Rare 4.8-magnitude earthquake rattles NH residents

A 4.8-magnitude earthquake in New Jersey on Friday was felt throughout New Hampshire.

By Stacy Milbouer

April 5, 2024

When the couch I was sitting on in my seventh-floor Nashua apartment started sliding from side to side and my dog barked like she was on fire Friday morning, I had two thoughts—“The downstairs neighbors must have bought their kids pogo sticks—very powerful pogo sticks.” My second thought was, “Earthquake?”

The latter was quickly confirmed by posts on local social media platforms all, with the same questions, “Did you feel that?” “Was there just an earthquake?” and “What was that?”

A Manchester man posted environmental concerns, “In New Hampshire, we never used to get earthquakes. But with the introduction of fracking. We have been seeing more and more earthquakes in the northeast.”

One Amherst resident wrote, “Just felt house shaking—earthquake? Anybody else?” Another poster answered “Yes!!! It was scary!” But not everyone felt the shaking.

A Wilton/Lyndeborough woman wrote, “I was elbow-deep in my breakfast burrito. Didn’t feel a thing.”

But a lot of us in New Hampshire did feel the 4.8-magnitude quake which occurred at 10:23 a.m. in Lebanon, New Jersey and was felt from the greater New York/ New Jersey area up through New Hampshire and Vermont. Residents of New Boston, Hinsdale, Concord, Keene, Amherst, Brookline, and many other New Hampshire communities all felt it. Some reported shaking lasted as long as 20 or 30 seconds. According to the United States Geological Survey, this event was a shallow earthquake—which has more severe shaking than deep quakes. The agency stated that in the northeast, 23 million people felt light shaking, 300,000 experienced moderately shaken, and 9,000 felt strong shaking. You can add your perception to these statistics on the agency’s earthquake survey page.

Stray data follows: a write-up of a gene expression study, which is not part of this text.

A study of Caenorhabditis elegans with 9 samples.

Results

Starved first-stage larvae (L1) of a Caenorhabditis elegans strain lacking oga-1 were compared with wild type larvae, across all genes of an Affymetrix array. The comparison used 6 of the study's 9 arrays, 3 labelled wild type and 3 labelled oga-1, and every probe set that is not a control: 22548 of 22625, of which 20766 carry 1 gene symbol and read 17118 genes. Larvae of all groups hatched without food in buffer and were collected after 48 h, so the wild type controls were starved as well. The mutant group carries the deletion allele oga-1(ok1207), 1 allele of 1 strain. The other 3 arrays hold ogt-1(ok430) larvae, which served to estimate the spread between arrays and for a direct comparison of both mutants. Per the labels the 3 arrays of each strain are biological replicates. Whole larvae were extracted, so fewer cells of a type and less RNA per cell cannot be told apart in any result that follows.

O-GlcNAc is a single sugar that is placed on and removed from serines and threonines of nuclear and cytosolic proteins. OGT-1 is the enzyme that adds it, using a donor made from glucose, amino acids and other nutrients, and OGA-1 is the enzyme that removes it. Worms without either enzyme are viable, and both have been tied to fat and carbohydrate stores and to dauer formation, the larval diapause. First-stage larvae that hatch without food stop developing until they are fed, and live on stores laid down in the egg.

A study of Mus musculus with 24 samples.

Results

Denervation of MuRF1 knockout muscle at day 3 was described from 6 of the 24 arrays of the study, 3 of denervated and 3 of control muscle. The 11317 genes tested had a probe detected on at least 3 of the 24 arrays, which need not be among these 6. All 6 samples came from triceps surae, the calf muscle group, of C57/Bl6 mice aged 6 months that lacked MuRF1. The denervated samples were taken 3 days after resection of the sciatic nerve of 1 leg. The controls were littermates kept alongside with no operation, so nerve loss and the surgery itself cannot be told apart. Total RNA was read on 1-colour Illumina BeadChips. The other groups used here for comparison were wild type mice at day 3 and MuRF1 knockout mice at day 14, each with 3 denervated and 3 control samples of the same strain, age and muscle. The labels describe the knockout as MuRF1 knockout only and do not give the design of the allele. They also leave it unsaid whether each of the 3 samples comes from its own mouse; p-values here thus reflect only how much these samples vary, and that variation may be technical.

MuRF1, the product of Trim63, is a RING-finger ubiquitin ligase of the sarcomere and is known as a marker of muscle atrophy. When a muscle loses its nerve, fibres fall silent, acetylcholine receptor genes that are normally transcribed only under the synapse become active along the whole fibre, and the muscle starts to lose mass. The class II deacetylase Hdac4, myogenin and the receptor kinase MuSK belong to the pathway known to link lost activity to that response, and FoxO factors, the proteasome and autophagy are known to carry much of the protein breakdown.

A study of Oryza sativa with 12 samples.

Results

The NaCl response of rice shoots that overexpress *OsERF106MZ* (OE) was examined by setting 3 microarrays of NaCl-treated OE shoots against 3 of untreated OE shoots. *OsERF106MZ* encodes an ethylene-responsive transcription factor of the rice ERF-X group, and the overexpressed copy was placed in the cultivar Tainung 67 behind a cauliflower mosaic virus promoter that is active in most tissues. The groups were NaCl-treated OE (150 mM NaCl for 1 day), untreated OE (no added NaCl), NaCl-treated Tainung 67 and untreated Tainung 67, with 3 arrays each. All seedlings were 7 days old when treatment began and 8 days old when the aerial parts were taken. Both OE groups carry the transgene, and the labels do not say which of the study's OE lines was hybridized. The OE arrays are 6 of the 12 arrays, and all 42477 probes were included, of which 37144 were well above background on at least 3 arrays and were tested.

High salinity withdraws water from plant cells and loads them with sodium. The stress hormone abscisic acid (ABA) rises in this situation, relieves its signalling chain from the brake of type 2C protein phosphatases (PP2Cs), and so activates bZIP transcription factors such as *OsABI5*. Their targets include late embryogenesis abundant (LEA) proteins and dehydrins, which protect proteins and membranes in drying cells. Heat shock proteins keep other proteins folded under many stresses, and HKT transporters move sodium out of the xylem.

The good news is that so far, no significant injuries or damages have been reported from the quake.

New Hampshire State Geologist Shane Csiki, said in an on-air interview on WMUR shortly after the quake, he wasn’t surprised there was a quake in New Jersey that was felt in New Hampshire. He said it was the same phenomenon that happened in 2011 when a 5.8-magnitude quake hit Washington, D.C., and was felt along the East Coast. “Earthquakes don’t happen every day on the East Coast, but they happen.” He said our geology is different than that of California, which has frequent quakes. He said it’s impossible to know exactly when a quake will happen, but he did not foresee major aftershocks being felt in New Hampshire.

 

Author

  • Stacy Milbouer

    Stacy Milbouer is an award-winning journalist and has covered New Hampshire for many publications including the Boston Globe, New Hampshire Magazine, and the Nashua Telegraph.